As well as our own immersion in branding, design and market research, we’re always inspired by industry news and the latest happenings in the world.
So it’s no surprise that it was Iceland who caught our eye this week. The run-up to Christmas sees big brands pull out all the stops to compete for the best festive advert, but so far it’s Iceland who has our vote.
The supermarket giant’s Christmas advert this year highlights the devastating impact that deforestation for palm oil plantations has on the environment. The 90-second animated advert pulls at heartstrings with the story of a young girl who tries to help a baby orangutan when her home is destroyed. Despite its best intentions, however, the advert breached political advertising guidelines due to its connections with Greenpeace and has been banned from our TV screens.
But the story of the ban has sparked outrage and the advert has very quickly gone viral. So far, it’s generated more than 15 million views on Twitter, 4.5 million views on YouTube, 9 million likes on Instagram and more than 650,000 shares on Facebook.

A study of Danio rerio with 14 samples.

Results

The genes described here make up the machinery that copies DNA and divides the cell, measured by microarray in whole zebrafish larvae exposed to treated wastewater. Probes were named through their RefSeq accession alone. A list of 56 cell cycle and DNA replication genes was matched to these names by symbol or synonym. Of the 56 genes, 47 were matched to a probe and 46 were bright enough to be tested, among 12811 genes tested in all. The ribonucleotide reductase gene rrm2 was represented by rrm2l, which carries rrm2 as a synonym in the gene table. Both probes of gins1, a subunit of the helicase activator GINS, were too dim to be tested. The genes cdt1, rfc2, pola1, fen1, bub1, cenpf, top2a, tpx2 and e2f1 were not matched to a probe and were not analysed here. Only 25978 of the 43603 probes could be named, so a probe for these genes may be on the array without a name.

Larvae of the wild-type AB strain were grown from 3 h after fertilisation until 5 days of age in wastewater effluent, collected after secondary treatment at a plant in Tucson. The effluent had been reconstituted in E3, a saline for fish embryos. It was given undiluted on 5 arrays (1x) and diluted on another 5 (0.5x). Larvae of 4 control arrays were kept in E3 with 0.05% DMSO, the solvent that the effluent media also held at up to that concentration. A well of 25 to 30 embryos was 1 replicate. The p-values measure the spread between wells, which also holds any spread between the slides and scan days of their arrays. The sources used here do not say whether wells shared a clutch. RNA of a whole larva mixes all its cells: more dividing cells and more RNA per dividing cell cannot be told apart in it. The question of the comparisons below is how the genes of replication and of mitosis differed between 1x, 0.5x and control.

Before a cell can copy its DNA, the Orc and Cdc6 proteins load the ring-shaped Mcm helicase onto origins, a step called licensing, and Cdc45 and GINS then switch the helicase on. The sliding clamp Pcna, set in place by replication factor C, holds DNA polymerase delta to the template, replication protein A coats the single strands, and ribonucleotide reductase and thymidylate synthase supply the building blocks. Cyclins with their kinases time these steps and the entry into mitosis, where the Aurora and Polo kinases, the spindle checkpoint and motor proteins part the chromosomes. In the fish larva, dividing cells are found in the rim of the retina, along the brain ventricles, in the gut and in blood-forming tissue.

With numbers like these, it’s possible that Iceland has achieved more engagement than they would have done had the advert been televised as planned. And all without touching their media buying budget.
Recent market research has revealed that consumers are more likely to purchase products and brands that back important causes. Iceland’s bold ethical stance this year is a long way from their previous Christmas adverts, which featured tables adorned with frozen food products and endorsements from minor celebrities such as Kerry Katona and Jason Donavan. And, looking at the level of publicity this year’s campaign has so far generated, it’s fair to say the shift in strategy has paid off.
Deliberate ploy or not, the advert has clearly succeeded in improving awareness of the widespread rainforest destruction for palm oil production, which appears in more than 50% of all supermarket products. As the first major supermarket to pledge to remove palm oil from all its own-brand foods, it’s a message close to Iceland’s core values.
And, from a marketing point of view, there’s now a solid association between the supermarket chain and the world’s ongoing fight to protect the environment, too.
We take our hats off to you, Iceland.